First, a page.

As the country first approached lockdown in March, it became clear the impact of the pandemic to the UK economy was going to be huge. As businesses across the country especially in the retail, hospitality and beauty industries were closed and others worked frantically to ensure their staff could work remotely, millions were faced with the prospect of being furloughed or even losing their job. Confronted with this terrible scenario, unprecedented government measures needed to be taken. For those with mortgages, this meant a three-month mortgage payment holiday was made available for any borrowers who had been financially impacted by Covid-19.
The next few weeks were challenging. For customers, call waiting times sky-rocketed and anxiety around job security was added to concern for our loved one’s health and wellbeing as well as the need to adapt to a life lived under lockdown. For lenders, ways to enable huge numbers of staff to work from home had to be arranged in an instant, customer services were working flat out to answer calls and back-end systems to enable a significant amount of payment holidays to be processed, which would usually take months, were rapidly built and deployed.
We know, from our own customers, how scary and uncertain this peak time was for everyone waiting for a decision or trying to get through to their lender on the phone. At the same time, lenders were trying their absolute best to react and adapt to a situation no one had dealt with before.
Three months on it is estimated that around 1.9m mortgage payment holidays are now in place across the UK. Those who took a three-month holiday in the first few weeks of lockdown are now seeing this ‘holiday’ come to an end and lenders’ attention is now fully focused on what happens next.
As lockdown eases, some consumers are beginning to come off their payment holidays
Analysis by UK Finance suggests that 60-70% of those currently on a payment holiday could now afford to go back to some level of repayment. This is a positive sign because we must remember that, despite the name, this is not a holiday, but a deferral of payment to a later date. For those on payment holidays, interest has been accruing during this period. And for those who are still unable to pay their mortgage, the government and lenders are keen to ensure they can still get support and an additional three-month payment holiday extension can be arranged if needed.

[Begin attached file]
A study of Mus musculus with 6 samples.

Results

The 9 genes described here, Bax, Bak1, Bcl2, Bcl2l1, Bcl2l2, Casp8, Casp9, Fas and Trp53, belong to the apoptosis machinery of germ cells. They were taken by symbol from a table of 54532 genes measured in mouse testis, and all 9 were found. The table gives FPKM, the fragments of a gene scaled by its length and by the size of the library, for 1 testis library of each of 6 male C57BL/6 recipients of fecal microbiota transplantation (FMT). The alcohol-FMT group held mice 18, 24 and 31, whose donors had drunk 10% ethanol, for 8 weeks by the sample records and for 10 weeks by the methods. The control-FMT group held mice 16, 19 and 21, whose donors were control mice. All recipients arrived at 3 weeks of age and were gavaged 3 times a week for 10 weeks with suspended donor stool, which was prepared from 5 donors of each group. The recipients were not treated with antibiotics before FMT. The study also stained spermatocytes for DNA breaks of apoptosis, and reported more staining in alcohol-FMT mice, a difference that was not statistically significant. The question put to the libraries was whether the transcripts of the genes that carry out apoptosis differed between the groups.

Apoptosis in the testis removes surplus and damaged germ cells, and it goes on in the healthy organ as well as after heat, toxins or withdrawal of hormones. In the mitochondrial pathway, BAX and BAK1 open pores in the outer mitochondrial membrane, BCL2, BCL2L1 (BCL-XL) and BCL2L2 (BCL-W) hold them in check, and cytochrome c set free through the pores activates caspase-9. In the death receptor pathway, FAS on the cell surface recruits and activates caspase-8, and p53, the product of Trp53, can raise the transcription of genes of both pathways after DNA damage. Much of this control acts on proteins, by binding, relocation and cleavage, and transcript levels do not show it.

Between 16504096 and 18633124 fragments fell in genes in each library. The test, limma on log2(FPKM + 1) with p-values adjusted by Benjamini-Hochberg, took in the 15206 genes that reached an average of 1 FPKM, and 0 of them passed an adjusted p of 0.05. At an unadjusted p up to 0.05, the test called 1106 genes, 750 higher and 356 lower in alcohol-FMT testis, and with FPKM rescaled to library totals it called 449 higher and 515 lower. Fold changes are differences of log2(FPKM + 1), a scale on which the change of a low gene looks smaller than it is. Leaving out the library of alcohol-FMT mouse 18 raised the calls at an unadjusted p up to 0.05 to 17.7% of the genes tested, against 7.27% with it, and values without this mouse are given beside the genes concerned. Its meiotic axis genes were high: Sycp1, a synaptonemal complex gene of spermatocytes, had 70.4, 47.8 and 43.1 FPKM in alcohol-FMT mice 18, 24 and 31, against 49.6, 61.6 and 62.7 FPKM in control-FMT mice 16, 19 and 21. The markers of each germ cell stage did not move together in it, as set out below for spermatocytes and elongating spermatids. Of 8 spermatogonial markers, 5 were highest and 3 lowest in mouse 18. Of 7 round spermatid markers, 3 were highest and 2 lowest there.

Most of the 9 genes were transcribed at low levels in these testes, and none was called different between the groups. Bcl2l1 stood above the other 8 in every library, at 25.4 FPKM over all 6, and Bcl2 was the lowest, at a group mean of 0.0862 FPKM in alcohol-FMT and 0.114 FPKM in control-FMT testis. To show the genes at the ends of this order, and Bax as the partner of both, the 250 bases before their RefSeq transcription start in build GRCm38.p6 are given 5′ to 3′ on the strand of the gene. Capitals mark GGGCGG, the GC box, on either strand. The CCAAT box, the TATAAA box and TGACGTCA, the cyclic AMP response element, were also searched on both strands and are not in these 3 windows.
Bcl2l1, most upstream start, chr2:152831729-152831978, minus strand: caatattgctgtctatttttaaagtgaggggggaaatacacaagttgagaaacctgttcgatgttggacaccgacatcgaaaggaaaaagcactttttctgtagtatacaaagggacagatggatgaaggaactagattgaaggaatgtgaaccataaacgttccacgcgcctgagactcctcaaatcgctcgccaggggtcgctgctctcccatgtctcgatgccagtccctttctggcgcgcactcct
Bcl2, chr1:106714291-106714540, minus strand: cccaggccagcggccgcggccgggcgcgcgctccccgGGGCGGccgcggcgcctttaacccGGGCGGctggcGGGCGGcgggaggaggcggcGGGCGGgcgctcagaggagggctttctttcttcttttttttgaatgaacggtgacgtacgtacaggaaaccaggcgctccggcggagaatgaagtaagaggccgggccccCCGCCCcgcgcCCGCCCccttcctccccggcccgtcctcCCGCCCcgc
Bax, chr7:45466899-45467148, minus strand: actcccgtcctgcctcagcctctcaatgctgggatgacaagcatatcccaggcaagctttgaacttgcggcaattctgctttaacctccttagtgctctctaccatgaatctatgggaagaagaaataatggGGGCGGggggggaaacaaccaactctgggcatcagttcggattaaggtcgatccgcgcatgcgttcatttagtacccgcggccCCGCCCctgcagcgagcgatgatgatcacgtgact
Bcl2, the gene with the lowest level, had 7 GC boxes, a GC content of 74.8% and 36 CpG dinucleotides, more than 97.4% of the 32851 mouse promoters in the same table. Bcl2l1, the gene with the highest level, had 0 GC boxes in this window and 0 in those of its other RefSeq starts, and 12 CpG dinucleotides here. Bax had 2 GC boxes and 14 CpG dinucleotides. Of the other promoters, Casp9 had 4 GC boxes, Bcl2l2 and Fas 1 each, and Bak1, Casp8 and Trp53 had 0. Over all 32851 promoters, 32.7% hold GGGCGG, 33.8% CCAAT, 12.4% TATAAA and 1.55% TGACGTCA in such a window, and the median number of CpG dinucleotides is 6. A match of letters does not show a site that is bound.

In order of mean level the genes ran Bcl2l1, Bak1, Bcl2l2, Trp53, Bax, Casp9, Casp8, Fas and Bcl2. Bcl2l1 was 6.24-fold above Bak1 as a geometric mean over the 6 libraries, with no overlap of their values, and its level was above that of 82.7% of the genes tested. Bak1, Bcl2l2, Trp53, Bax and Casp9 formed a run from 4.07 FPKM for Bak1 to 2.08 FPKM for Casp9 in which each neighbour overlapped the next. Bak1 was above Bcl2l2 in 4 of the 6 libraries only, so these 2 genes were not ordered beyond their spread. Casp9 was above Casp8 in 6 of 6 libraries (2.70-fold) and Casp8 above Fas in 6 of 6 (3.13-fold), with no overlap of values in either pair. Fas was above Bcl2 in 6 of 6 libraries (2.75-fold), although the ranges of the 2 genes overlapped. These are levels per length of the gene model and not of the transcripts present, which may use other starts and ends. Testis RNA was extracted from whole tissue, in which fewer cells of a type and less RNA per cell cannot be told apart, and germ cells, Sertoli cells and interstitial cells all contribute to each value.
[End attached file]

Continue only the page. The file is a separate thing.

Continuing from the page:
But like lockdown, coming out of a payment holiday is far more complicated than starting one in the first place. It’s not a simple ‘tick the box to opt-out’ process. Lenders need to understand each borrower’s circumstances to assess what the best solution for them might be based on their latest financial situation. If a borrower can afford to restart making payments - either in full or in part - this will reduce the cost of the mortgage compared to extending the payment holiday and making no payment. And for those only able to afford a partial repayment, some solutions would allow payment to take place at a reduced rate through, for example, a mortgage term extension or a temporary switch to an interest-only loan.
The challenge the industry now faces is that lenders need to work with nearly 2 million borrowers over the coming weeks and months to explain the options and agree the next steps in each case. While lenders certainly have better processes in place now and are more prepared than at the start of the crisis, this is still going to be a huge operational challenge. Some will organise this through online journeys, some will choose to send letters and others will want to speak direct to their borrowers. Long call wait times may return, as hundreds of thousands of new payment amounts are agreed and direct debit mandates reinstated.
What if you took a payment holiday?
If you haven’t heard from your lender yet, and your payment holiday is due to end in less than a month, it may be worth getting in touch with them sooner rather than later. This will allow you to get ahead of the curve in working out the best next steps for you. I’d recommend making an assessment of what you can afford by reviewing your income and expenses before you speak to them. Lenders want to help so by being honest and knowing what you can and can’t afford, they can take the time to discuss the options and find the right solution for you. It is a much better route than automatically asking for an extension of your mortgage holiday. So long as you can afford it, it could save you a lot of money in the long run too.